Start-up could help fix skin cancer crisis

4 minute read

The offering will allow GPs to administer routine skin checks, making visits to a dermatologist more accessible and equitable.

A start-up founded by Sydney dermatologist Dr Philip Tong has the potential to make skin cancer screening services more equitable for patients.  

Dr Tong envisions the technology, DermScreen, will both shorten wait times – so that only those with more serious conditions are seeing a dermatologist – and ensure those in rural areas are able to receive skin checks from their GP.  

Crucially, the technology “avoids biopsies when [unnecessary] and allows expedited care where skin cancer is suspected,” he told Oncology Republic.

Dr Tong said that, on average, a dermatologist will serve around 40,000 people but in “some rural areas it could be one dermatologist to 100,000”. 

“There’s just not enough dermatologists to go around the entire population,” he said.   

The technology, which has approximately a 90% accuracy rate depending on the study, works by taking high resolution photographs of the skin’s surface, which are then forwarded to a dermatologist who will identify any potential areas of concern.  

Dr Tong admits that the service is “not the same as doing an in-person check” but believes that “if it allows a patient to be reviewed sooner, that in itself is a benefit”.  

Founder Dr Philip Tong using DermScreen technology 

DermScreen recently received a $25,000 grant from the University of Sydney through startup program Genesis, with judges highlighting the technology has “amazing potential across the globe”.  

Dr Tong has also applied for funding to supply GPs with the technology, which allows GPs access to a dermatologist, bypassing traditional paper referrals.  

“What I find is that GPs have the surgical skills to manage skin cancers, but they don’t necessarily have the diagnostic experience dermatologists have,” he explained.  

He believes the spot clinical support service offering can help bridge this gap.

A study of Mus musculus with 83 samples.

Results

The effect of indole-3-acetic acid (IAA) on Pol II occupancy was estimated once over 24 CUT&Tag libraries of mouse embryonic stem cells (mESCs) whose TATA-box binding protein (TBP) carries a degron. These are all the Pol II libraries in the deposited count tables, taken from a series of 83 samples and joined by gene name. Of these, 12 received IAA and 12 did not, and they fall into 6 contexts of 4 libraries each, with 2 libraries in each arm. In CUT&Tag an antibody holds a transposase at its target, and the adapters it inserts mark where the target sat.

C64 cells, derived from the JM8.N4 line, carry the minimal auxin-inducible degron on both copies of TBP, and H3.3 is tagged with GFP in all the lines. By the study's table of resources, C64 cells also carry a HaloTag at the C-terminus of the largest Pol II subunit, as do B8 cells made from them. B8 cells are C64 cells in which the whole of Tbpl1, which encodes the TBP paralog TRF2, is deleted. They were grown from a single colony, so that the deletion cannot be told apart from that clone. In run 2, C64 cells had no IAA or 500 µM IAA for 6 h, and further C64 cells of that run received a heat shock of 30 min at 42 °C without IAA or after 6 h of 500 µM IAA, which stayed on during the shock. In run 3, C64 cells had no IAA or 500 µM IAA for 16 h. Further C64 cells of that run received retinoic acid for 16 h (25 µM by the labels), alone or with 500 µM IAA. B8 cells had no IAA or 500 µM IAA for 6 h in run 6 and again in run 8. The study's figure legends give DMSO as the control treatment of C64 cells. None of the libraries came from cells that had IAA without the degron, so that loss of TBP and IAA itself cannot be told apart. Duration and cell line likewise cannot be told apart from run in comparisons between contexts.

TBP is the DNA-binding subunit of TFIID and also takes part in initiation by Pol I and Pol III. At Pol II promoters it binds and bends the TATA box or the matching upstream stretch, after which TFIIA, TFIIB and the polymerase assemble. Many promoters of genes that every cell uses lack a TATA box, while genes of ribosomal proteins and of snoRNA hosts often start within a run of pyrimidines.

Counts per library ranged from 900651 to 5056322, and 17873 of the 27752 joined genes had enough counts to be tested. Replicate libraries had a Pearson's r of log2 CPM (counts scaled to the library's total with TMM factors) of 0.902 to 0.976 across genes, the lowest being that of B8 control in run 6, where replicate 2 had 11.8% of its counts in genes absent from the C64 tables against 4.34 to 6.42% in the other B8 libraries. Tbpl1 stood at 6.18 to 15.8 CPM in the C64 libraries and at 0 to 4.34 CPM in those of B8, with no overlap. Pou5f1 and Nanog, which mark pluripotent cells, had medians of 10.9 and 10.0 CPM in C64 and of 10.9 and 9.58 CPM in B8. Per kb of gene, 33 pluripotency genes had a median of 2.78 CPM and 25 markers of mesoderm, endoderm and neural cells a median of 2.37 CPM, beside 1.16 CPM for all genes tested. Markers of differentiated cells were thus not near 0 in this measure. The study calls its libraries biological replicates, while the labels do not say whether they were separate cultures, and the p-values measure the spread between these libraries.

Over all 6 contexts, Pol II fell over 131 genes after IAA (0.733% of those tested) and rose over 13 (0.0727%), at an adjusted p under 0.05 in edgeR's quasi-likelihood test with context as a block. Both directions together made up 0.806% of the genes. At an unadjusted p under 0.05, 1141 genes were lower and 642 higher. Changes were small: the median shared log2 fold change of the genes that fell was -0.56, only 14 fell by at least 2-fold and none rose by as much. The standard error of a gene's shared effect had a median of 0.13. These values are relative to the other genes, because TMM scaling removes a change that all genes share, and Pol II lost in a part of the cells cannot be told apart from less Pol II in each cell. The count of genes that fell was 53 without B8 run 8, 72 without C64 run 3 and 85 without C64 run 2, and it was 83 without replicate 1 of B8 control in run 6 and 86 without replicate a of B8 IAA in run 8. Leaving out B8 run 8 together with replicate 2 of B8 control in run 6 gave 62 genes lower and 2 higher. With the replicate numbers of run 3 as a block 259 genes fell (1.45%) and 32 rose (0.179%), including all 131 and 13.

In 2022, skin cancer was the third most common cancer, affecting 56.9 per 100,000 people, but has a high survival rate if treated early.  

Even though the technology is still in its pilot phase, Dr Tong envisions that DermScreen’s reach will be far and wide, with GPs in rural Queensland and Broken Hill in NSW currently accessing the service.  

“Technology lends itself well to supporting dermatologists to be able to see patients remotely, and allowing patients to access dermatologists whereby it would traditionally be considered a very scarce resource”.  

But Dr Tong acknowledges that there is a reluctance among some GPs to perform skin checks, which he says is an “emotional and intellectual burden”.  

“They um and ah about a lesion, and then to make that easier they just refer [their patients] to the dermatologist because it can be hard to take on that responsibility for themselves,” he explained.  

This results in dermatologists conducting routine skin checks, even though their time may be better spent treating more serious and complex conditions.  

But DermScreen may make GPs more confident in conducting skin checks by providing a level of support from a dermatologist.  

“It will ensure that the patients that truly need to see us can get into see us and also helps to empower and educate GPs to take on more dermatology work.  

“I think ultimately, both of these benefits flow into patients to see GPs that are more qualified and more comfortable managing skin problems, and dermatologists that have shorter waiting times.”  

In 10 years, Dr Tong hopes that DermScreen will be the “go-to resource and centre of excellence for skin cancer care that is supported by dermatologists and GPs and will enable patients to get more accessible, faster and more cost-effective skin cancer management and peace of mind”.